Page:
Did you know that the Philippines was once the top coffee exporter in the world?
More than a century ago, we were the undisputed king of the coffee world until coffee rust decimated many coffee plantations. We have not recovered since. However, experts believe that we have what it takes to become a top coffee exporter once more.
Dr. Dave D’Haeze has been here before and has travelled around Mindanao and knows our soil and micro-climates. Dr. Dave D’Haeze was sent by the Hans R. Neumann Stiftung (HRNS), the non-profit group of the world’s largest coffee buyer, Neumann Group based in Germany.
At the recent 10th National Coffee Summit, Dr. Dave again told the farmers to value our soil and our wonderful climate. “With climate change we must farm wisely,” he reminds the farmers. “Your coffee can taste better than most because your soils are rich and fertile” he says. He is based in Vietnam where yields are high. However, they use plenty of agro-chemical fertilizers to increase yields to as much as 5000 kilos per hectare. In the Philippines, the average yield is a dismal 700 kilos per hectare.
Dr. Dave believes proper husbandry or caring for the farm is key to a better harvest. Higher yields are even possible with organic fertilizers. “Clean your farms,” he tells the crowd. “The pests will not survive in a clean farm,” he says, “and you can save also on water with proper techniques of irrigation”.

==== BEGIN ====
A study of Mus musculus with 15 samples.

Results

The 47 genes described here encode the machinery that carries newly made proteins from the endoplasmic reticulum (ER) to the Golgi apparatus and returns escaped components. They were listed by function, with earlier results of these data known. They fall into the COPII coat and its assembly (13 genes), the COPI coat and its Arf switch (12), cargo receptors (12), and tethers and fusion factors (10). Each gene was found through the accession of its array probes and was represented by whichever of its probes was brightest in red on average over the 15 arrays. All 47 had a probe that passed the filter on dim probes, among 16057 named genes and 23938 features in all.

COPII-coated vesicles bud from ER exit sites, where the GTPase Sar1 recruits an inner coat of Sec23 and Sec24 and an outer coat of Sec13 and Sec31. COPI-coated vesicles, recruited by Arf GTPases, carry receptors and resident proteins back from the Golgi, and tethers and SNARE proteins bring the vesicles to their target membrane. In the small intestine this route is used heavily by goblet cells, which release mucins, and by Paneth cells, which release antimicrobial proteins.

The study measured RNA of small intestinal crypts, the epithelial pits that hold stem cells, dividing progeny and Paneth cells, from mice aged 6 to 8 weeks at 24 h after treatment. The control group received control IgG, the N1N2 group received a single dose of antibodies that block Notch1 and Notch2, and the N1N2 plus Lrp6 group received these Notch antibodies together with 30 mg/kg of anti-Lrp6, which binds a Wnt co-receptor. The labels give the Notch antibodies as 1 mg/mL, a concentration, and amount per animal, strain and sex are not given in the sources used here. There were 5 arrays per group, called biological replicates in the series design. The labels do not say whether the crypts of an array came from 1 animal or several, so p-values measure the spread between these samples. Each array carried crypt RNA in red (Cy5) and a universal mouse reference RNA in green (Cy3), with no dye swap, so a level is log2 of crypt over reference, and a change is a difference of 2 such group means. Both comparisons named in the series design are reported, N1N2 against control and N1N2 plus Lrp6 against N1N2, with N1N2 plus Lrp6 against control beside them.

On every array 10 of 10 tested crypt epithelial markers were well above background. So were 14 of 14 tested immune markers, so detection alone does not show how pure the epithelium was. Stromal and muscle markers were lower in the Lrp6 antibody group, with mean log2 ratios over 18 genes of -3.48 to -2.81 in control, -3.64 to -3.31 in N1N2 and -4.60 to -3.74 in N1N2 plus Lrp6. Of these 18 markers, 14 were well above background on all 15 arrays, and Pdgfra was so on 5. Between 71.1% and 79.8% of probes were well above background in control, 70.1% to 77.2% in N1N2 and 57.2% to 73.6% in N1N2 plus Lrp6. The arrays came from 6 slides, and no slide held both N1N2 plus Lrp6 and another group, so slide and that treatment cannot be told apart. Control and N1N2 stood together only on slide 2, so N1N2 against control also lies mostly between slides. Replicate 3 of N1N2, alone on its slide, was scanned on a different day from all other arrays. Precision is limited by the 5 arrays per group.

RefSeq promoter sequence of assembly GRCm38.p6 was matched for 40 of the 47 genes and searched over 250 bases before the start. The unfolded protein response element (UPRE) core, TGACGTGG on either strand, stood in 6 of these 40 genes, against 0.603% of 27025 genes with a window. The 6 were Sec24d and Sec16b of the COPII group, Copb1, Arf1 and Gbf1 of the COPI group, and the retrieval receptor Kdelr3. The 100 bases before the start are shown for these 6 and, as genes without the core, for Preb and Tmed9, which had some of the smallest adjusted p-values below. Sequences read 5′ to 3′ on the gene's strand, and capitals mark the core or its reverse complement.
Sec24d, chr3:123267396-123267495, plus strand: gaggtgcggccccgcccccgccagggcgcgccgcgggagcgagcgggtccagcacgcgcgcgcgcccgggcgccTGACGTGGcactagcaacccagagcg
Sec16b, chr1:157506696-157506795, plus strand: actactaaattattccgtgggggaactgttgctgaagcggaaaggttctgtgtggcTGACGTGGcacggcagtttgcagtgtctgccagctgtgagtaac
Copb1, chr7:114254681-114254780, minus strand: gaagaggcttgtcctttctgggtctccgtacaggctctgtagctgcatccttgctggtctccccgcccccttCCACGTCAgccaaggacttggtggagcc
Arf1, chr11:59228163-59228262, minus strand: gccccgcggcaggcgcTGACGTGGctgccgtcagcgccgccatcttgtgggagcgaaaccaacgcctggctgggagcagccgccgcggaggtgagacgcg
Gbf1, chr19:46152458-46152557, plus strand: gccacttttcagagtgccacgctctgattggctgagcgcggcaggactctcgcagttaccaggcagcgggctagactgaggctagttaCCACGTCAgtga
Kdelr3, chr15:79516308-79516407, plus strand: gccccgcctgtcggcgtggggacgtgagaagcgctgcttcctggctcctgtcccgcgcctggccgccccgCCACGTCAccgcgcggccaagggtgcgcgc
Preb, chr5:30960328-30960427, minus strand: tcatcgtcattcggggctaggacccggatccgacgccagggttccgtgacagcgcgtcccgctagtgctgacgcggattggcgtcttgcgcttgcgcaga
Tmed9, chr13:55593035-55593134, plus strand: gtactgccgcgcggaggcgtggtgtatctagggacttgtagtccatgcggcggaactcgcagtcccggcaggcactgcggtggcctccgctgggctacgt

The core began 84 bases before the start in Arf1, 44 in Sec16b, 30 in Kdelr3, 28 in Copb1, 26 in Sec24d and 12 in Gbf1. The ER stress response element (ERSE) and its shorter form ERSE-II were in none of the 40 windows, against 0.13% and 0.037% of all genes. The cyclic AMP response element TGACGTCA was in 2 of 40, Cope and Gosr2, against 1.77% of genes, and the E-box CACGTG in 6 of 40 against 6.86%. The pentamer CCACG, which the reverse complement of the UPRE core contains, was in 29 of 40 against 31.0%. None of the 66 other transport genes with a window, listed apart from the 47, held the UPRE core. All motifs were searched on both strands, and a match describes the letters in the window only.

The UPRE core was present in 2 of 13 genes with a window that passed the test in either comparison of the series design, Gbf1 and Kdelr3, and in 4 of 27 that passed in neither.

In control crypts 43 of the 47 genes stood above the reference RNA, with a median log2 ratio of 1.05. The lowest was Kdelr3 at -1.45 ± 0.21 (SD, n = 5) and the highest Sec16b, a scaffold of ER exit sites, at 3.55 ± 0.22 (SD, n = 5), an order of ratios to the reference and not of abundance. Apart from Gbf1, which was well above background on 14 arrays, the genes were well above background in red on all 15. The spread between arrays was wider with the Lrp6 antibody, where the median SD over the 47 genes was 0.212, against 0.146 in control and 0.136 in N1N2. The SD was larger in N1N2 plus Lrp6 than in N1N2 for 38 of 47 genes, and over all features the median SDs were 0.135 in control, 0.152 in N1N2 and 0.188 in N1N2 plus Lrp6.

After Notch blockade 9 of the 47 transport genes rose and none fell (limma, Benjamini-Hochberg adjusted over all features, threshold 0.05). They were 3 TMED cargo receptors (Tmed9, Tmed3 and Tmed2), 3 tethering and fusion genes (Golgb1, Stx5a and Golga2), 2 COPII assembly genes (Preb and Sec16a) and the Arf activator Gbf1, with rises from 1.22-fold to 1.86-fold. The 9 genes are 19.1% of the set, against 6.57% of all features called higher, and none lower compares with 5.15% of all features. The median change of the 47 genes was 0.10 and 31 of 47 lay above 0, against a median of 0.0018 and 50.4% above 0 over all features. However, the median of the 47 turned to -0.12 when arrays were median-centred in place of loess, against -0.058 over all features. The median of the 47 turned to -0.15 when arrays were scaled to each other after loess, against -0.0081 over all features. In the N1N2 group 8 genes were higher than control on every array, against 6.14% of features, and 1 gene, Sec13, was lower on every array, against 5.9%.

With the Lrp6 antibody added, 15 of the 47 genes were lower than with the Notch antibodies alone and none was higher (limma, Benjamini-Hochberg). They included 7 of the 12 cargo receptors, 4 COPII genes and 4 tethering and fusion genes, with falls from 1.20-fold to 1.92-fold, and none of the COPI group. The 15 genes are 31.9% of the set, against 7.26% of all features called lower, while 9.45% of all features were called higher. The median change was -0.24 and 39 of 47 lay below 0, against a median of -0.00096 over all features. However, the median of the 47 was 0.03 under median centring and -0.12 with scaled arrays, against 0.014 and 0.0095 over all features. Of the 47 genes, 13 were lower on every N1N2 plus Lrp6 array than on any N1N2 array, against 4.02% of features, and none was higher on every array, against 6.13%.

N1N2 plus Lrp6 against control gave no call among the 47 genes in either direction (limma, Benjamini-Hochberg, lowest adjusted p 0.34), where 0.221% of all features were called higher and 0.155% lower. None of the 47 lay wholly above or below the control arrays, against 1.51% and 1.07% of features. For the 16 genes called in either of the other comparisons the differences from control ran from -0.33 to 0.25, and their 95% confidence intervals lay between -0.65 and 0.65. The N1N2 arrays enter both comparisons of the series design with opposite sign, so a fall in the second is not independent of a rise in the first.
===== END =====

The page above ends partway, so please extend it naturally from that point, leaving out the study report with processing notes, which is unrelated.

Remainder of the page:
“We have the ingredients for a good harvest” agronomist and PCBI Director Joel Lumagbas added. “What we are doing now is encouraging farmers to sell fresh red cherries to buyers who will do the primary processing,” he continues. Lumagbas has been going around Mindanao to encourage farmers to wait for fruits to ripen before harvesting them.
“It’s simple but not so simple for us in Sulu” laments Princess Kumalah Sug-Elardo, another PCBI director. The royal heiress turned coffee entrepreneur is hard-pressed in harvesting due to military operations in the area. “We have wasted a lot of civet coffee already because our members cannot go out to harvest,” she sadly reports. She hopes that the situation in her faraway town of Panamao will soon be normal as she has to serve the order of Universal Robina for her coffee.
“Dr D’Haeze went around Mindanao with our Chair Nicky Matti in 2013” Pacita “Chit” Juan PCBI President recalls. “He and a colleague who is a cupper tasted our Robustas and knew that our worst Robustas were better than most other good Robustas in other countries,” she proudly says. This is why the PCBI asked Dr. Dave to come back to the summit. Now that Quality is at the forefront of discussions on coffee, Dr. Dave can relate as he works in Indonesia and Vietnam, both high volume producers of coffee and with similar conditions as the Philippines.
Vietnam rose to No. 2 producer in volume beating Mexico and Indonesia, who is now number 4, outranking Colombia. If the Philippines cannot do the volume, it may have a chance in producing Quality Coffee for specialty markets. The demand locally is still at 120,000 MT a year while production is now a shy 35,000, up from the lowest of 22,000 metric tons when the PCBI was founded in 2002. For more information about coffee trainings, contact PCBI at www.philcoffeeboard.com or follow them on social media.